Review by Jamie McNeil
There are two titles for the same series of stories. The original title of The Courtship of Jena Makarov informs that the Tsarina Jena Makarov features greatly. She’s entering a strategic marriage of convenience into the powerful media controlling House Bolshoi in order to bolster Tsar Vladimir’s propaganda machine. For a woman of Jena’s stature there is always more than one admirer or jealous rival unable to bear the idea of someone having what they can’t have, and this includes a vulnerable Nikolai Dante.
The more recent re-titling of Love and War indicates a civil war large enough to rival the epic proportions of a Russian novel is threatening, while matters of the heart add to the mix. To ensure the compliance of the power hungry Romanov family, the Tsar appoints Dmitri Romanov’s bastard son Dante as Jena’s bodyguard, awkward because Jena claims to despise Dante and Dante hasn’t stopped trying to get into her pants since they met. Of course, this is Nikolai Dante so all hell is going to break loose.
The first half is incredibly funny as Dante postures and swaggers, cocksure and full of bravado. One of Morrison’s trademarks is to emulate famous scenes from films, copying cinematic dialogue in inappropriate scenes or just plain making fun of the genre’s influence on popular culture. Charlie Adlard is brilliant with a homage to the famous choreographed fight scenes between Harrison Ford and the late Pat Roach in the Indiana Jones films, getting the action spot on. His style is also perfect for a story where a forlorn Dante, in love with Jena Makarov, schmoozes the Ballerina Queen of the Danse Macabre with some very funny and deadly results.
Artist John Burns makes his Nikolai Dante debut introducing Nikolai’s piratical mother Katarina followed by a story of lovers in danger from a monstrous and brutal governor. The stories are serious with little humour, as Morrison shows Dante’s serious side, but Burns’ art is variable. Some character features are lopsided and out of proportion against some excellent backdrops, the right style for a more serious story, but it feels clunky and awkward. Simon Fraser returns for the last half of the book to begin the build up to Tsar Wars, with a mixture of well illustrated humorous action and dark political machinations that will illicit no confidence in real-life politicians and authority figures whatsoever. It’s a long book, but Robbie Morrison’s plot moves along at a brisk trot, scenarios playing out well among a sense of dread and intrigue forming in the background. Morrison has a gift for fostering a decent connection between the reader and the characters, some gaining your affection and others garnering a deep dislike. That he achieves this so quickly with new characters makes for a highly enjoyable action adventure with twists, turns and well placed developments aplenty.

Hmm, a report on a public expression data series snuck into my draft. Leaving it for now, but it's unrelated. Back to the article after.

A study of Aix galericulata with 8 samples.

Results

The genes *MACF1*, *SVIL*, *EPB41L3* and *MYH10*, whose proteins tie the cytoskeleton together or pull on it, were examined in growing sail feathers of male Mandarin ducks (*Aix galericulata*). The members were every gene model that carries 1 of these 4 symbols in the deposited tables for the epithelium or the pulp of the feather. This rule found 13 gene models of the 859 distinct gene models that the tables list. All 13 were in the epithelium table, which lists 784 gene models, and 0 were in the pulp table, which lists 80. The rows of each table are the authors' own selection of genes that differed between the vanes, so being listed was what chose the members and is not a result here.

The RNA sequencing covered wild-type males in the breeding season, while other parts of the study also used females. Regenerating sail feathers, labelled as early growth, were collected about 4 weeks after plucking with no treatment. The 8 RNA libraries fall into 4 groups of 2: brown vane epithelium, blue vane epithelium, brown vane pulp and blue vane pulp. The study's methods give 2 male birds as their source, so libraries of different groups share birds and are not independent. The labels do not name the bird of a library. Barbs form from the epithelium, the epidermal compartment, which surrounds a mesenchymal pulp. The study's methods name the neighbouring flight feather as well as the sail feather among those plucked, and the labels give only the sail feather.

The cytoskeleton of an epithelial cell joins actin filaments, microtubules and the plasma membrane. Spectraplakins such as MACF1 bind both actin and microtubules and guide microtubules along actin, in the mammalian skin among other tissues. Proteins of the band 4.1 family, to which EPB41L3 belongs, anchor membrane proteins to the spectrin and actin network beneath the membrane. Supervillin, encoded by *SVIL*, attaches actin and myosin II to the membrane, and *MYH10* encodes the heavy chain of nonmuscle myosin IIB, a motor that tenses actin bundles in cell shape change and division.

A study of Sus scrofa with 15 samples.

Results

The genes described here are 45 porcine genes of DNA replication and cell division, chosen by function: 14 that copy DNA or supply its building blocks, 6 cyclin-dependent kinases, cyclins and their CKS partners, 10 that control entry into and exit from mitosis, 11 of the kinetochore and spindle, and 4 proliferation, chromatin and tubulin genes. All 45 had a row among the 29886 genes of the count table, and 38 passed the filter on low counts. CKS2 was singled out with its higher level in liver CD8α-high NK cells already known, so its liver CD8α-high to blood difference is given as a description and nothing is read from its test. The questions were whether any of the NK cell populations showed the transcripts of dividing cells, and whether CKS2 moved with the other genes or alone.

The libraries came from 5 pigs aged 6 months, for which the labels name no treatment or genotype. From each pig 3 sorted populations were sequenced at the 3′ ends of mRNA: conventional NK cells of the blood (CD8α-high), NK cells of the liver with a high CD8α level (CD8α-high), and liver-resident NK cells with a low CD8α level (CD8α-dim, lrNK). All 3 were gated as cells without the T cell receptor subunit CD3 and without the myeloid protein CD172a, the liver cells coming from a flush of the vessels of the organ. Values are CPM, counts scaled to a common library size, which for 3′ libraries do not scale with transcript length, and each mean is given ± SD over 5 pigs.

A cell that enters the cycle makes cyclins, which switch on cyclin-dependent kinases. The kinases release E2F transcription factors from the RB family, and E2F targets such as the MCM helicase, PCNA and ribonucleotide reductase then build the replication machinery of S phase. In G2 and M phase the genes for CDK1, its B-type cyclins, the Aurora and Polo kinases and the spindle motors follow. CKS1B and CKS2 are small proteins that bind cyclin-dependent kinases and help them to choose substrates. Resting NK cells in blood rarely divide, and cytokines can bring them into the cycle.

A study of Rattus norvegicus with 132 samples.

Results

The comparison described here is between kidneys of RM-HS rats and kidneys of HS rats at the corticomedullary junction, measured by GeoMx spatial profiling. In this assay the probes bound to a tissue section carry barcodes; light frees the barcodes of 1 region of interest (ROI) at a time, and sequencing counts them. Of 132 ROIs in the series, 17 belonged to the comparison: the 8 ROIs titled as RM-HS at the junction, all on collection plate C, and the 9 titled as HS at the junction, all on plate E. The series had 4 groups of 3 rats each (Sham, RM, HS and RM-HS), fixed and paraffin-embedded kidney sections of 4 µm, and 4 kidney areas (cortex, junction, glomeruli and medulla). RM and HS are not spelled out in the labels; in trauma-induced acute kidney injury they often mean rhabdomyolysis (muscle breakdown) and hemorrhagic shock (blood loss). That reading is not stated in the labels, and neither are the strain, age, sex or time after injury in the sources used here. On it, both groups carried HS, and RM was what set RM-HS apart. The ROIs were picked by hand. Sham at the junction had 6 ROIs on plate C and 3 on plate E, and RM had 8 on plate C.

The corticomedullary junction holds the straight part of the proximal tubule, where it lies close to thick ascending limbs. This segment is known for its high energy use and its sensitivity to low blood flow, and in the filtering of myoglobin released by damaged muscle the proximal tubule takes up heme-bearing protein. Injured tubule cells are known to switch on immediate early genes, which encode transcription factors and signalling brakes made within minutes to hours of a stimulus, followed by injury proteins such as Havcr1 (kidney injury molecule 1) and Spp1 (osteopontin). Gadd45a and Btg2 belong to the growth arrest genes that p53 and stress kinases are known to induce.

The Courtship of Jena Makarov was the title on original publication and was retained for the 2005 2000AD Books reissue. It was republished as Love and War in 2014 and, while in a slightly different format, has exactly the same collection of stories although there is a noticeable difference in the printing quality and layout, the earlier printing a more aesthetically pleasing read.
The long-standing tensions between the Imperial House Makarov and the ambitious House Romanov come to a head in the two volumes of Tsar Wars.